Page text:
Now it's officially released, come and meet the beautiful people who played on my new album "Tall Tales and Home Truths". Plus a few additional, umm, "special" extras . . .
Blair Dunlop is the man behind all those gorgeous droplets of electric guitar that beam out of nowhere into songs like "Ballantyne" and "Wheeldale Crossing". He's a hip megastar in his own right and a former BBC Radio 2 Horizon Award Winner. Please go and check out his lovely new album "Notes from an Island". Anyway, one summer's day, along he came with his Gretsch in tow, plugged it in, and off he went. Hours later we were still strumming and singing along together to "Barry Sheene". He's a gentleman and a Spurs fan like his Dad. Another fond memory is our gig together at Scarborough Market Hall a couple of years ago. In fact he played and sang "Barry Sheene" in front of a 40-ft backdrop of Bazza himself, which was most amusing. Thank you Blair! Anyway on we go...
Oh look! here is Radio 2 Young Folk Award nominee Cohen Braithwaite-Kilcoyne (R). Have you heard him play? I mean, have you??
He plays concertina & melodeon on the album and is quite simply a genius and the first time I saw him in his band "Granny's Attic" my nodules started rotating & didn't stop for ages. So at that moment I resolved to pluck up the courage to see if he'd join this project - and amazingly he said yes :-o
One of my favourite bits he does is where there's a short reprise of an earlier song ("No Tears for my Fisherman") as an interlude between tracks. It's just so lonely sounding and gave me exactly the effect I was hoping for. To be honest, he is far too cool to be hanging around with me anyway. Cool, effortless and destined for massive things. Thank you Cohen!
My good friend Ruth Angell plays violin and pump harmonium on the album. Away from my solo stuff, we also have a "Becky & Ruth" duo show which is a hoot, and we've performed together many times down the years, including Ken Nicol's "Glass Chronicles" and also some trio work with Ashley Hutchings where we get to dress up like a couple of flower child hippies (R).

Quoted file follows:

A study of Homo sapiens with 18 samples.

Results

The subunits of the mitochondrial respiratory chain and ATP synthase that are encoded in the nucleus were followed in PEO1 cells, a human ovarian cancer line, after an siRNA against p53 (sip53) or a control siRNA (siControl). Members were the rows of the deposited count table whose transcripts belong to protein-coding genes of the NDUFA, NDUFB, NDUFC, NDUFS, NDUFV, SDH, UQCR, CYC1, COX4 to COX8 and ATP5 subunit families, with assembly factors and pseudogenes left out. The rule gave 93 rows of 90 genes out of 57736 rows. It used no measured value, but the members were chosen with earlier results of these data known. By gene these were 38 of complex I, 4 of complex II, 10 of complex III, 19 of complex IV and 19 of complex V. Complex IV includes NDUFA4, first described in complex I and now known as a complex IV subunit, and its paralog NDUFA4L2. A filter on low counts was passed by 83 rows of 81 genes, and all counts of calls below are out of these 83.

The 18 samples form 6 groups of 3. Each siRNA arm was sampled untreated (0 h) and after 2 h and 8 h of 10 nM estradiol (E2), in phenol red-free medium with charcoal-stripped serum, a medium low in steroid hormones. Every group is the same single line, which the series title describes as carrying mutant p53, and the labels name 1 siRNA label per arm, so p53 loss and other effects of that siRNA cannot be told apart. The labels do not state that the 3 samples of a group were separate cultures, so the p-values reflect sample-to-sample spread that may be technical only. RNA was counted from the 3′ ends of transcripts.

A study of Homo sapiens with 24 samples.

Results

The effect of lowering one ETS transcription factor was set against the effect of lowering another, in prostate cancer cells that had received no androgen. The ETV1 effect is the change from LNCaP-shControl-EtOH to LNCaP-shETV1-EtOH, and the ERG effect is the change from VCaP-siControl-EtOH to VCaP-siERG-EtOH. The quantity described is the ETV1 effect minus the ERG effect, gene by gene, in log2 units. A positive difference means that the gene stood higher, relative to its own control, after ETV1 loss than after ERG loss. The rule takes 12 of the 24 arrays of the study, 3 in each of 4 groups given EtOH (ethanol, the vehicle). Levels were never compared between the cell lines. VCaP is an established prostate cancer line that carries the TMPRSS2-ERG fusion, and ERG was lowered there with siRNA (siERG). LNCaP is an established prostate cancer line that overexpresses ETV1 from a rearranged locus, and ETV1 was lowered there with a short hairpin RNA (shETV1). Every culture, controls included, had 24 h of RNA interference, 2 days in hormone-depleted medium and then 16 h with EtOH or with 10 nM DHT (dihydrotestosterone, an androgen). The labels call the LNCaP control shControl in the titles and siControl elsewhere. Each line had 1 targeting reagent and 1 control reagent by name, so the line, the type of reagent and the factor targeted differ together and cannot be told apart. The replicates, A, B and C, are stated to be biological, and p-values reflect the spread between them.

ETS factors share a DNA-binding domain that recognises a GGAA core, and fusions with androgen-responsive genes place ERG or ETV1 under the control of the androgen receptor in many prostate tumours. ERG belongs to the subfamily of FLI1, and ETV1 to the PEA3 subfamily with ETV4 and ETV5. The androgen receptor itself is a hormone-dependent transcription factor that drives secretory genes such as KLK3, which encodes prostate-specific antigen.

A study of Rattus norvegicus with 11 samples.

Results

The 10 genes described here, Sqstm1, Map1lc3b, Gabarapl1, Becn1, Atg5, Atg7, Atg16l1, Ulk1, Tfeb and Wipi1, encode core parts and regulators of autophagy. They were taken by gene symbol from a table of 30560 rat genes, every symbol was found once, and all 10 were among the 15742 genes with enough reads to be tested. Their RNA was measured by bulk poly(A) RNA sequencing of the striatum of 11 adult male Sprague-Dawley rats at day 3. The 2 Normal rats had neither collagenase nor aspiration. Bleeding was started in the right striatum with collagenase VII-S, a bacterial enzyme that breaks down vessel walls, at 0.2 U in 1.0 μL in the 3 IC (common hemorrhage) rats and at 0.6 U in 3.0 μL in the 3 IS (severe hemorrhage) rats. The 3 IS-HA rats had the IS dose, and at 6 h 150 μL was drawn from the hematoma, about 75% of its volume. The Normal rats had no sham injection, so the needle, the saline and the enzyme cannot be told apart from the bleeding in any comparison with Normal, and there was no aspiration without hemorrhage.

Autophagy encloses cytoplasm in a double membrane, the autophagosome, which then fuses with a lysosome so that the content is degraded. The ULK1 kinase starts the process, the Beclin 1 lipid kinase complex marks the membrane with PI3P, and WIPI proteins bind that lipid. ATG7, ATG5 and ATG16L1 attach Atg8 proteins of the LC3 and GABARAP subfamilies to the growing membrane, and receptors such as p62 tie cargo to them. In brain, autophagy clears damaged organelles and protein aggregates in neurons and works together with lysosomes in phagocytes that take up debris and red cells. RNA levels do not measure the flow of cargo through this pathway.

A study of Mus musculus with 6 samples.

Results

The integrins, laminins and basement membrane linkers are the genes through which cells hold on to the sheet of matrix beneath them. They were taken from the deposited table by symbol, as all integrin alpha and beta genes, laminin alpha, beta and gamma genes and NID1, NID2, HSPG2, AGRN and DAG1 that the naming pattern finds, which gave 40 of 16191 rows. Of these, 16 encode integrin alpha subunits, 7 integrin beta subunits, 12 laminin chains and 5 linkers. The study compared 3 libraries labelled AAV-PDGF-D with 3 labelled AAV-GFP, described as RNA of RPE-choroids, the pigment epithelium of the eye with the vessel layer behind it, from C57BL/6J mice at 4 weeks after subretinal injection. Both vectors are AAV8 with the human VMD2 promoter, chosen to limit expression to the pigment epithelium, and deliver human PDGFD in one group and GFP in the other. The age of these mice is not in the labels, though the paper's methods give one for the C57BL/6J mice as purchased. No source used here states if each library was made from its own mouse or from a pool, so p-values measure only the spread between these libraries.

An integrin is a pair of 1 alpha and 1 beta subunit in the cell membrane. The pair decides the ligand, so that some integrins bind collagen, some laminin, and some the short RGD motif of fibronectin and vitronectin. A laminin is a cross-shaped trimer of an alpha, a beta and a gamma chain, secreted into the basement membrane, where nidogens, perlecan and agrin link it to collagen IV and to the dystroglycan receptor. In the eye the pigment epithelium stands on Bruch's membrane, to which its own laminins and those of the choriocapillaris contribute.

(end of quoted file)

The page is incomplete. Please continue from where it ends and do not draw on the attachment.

Her matchless violin brings drama and romance to the album, and as you can also hear she is blessed with one of the most beautiful singing voices imaginable. Ruth also contributes those stately, dignified textures of the Pump Harmonium in "Ballantyne" and "Row Like Grace". She makes very good jam and is just a total good egg.
Here is young master Jonny Short on bass (R). Now me and Jonny go back, all the way to Waking the Witch. He is my rock, my wind beneath my wings, my go-to-man whenever 4 not 6 strings are required, and a total and utter professional who scores 105% on the professional-ometer
Jonny did remind me, quietly but firmly, that cellos are also 4-stringed beasts. "Whyever not" I replied. And so his gorgeous, rustic, woody cello lines put the spine into "Brother's a Farmer", plus those brilliant pizzicatos on "Crocuses". You name it, he 4-strings it. I should also emphasise what a tough job it is to do what he does, when the singer fails to provide any click track, and having to bend and sway with my relaxed time-keeping. The master!
Marc Layton-Bennett is one of the UK's most imaginative drummers and percussionists. I know he can lay down a meaty groove because he's usually out on the road with the low frequency monster mash that is Jah Wobble's Invaders of the Heart. You should also go and see his incredible duo "Big Wave" which is a chilled ambient mash-up. Anyhow all this made him the perfect candidate for brushing things, slapping things with his hands, jingling triangles and winding up his quite impressive thunder-machine on the echoey staircase outside. Like Jonny he did an unbelievable job of figuring out and fitting in to some of my surprisingly looney time-signatures. Thanks Marc!!!
Walt Whittleman & his friends - a special extra mention for the spooky walking sticks which adorn the album cover. My Dad Johnny Mills whittles these guys in his spare time and they just have this little bit of magic and ancestry about them which seemed to fit the whole concept. So we leaned them up against my Grandad's gunshed and snapped away. One of them is Ronald Reagan, another is a horrifying clown and one of them is, I think, very possibly me. He doesn't know where or what or how they'll end up exactly until he starts whittling, and then the figure emerges slowly . . .
Last of all thanks to Ashley Hutchings for some "lock stock and barrels", my hubby for figuring out how to play the Wine Glasses, and Paul Hopkinson, Dave Creffield and Andrew Thompson who worked to get that lovely sound together. Love yeez all, man!